During the Progressive era, the states were "laboratories for democracy," where state governments experimented with a wide range of reforms to eliminate governmental corruption, abolish unsafe working conditions, make government more responsive to public needs, and protect working people.

The severe Depression beginning in 1893 had discouraged states from engaging in policy innovation. Government retrenchment was the watchword of many lawmakers in the 1890s. Most of the endeavors reformers undertook during these years were efforts to eliminate political bossism, corruption, and governmental waste. The Depression also encouraged the consolidation of corporations, a development that would make trusts a major issue after the turn of the century. The Spanish American War had also diverted attention from domestic matters.

During the early 20th century, many states adopted reforms that had been enacted years earlier in Massachusetts, which, along with Rhode Island, had been the first state to have a majority of its population live in cities. Many of these reforms involved protections for working people, including:

  • compulsory school attendance laws, adopted in every state except Mississippi by 1916;
  • laws limiting work hours for women and children in 32 states, and minimum wages for women workers in 11 states;
  • workmen's compensation, which provided compensation for workers injured on the job in 32 states.

Other laws established an eight-hour workday for state employees; authorized credit unions; created public utility commission; established state employee pensions; and instituted a host of health and safety regulations. Several states also passed laws prohibiting children from working at night.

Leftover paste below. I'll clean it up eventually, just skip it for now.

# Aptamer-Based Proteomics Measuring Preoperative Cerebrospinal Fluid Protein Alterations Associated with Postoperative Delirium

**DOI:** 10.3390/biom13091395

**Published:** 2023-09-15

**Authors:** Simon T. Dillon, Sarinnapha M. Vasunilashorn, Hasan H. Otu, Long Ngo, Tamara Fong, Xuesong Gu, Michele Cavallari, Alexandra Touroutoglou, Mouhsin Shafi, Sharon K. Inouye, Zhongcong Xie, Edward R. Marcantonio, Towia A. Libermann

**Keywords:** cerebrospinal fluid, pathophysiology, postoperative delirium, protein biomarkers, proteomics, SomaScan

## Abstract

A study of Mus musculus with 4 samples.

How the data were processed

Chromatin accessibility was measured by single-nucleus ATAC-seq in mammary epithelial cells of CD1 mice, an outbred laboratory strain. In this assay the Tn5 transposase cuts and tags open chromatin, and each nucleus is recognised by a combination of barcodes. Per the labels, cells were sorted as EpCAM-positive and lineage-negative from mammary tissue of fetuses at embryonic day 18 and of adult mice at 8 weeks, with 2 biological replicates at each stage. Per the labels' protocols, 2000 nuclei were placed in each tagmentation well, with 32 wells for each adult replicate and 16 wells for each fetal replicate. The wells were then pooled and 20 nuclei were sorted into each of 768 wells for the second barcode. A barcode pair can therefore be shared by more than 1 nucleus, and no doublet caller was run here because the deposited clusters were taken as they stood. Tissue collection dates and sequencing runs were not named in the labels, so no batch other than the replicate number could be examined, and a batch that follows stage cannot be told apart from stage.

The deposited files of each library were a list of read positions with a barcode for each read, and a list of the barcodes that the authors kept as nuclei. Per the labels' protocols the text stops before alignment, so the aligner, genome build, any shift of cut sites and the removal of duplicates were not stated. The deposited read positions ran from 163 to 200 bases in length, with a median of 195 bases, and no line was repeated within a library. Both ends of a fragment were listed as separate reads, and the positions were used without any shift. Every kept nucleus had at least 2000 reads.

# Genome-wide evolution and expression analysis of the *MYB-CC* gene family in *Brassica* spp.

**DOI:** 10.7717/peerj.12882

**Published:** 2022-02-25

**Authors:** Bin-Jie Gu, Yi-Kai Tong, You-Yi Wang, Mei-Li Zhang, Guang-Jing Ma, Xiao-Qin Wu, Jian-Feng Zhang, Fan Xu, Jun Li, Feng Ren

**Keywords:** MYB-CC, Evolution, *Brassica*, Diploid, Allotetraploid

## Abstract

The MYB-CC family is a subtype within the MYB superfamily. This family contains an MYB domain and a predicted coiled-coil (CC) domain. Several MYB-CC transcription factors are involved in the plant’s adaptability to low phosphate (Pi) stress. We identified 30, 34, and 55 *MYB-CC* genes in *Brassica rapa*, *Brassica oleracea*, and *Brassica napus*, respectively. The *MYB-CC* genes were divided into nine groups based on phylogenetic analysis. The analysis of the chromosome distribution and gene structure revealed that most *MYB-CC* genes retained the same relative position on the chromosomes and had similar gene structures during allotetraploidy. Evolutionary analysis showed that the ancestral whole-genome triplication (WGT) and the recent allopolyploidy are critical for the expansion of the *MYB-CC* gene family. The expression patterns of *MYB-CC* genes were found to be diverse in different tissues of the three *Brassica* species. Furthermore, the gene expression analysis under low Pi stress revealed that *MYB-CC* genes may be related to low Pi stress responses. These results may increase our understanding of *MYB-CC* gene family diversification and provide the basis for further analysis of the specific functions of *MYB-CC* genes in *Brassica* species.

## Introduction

To make the electoral process more democratic, all but three states adopted direct primaries by 1916, which allowed voters to choose among several candidates for a party's nomination. To allow voters to express their dissatisfaction with elected officials, Progressives proposed the recall, which allowed voters to vote to remove them before the end of their term in office. To give voters a greater voice in law making, Progressives proposed the initiative and the referendum. The initiative allowed voters to propose a bill and legislation, and the referendum permitted them to vote directly on an issue. Oregon, South Dakota, and Utah were the first states to adopt the initiative and referendum.

Beginning in the 1880s, Britain, France, Germany, and Scandinavia adopted a series of social welfare programs--unemployment insurance, old-age pensions, and industrial accident and health insurance. During the Progressive era, many reformers borrowed these ideas and adapted them to meet American circumstances.

Perhaps the most dramatic American innovation was "widow's pensions." Adopted by most states, these programs provided widows with a monthly payment that allowed them to keep their children at home, rather than putting them in orphanages or up for adoption.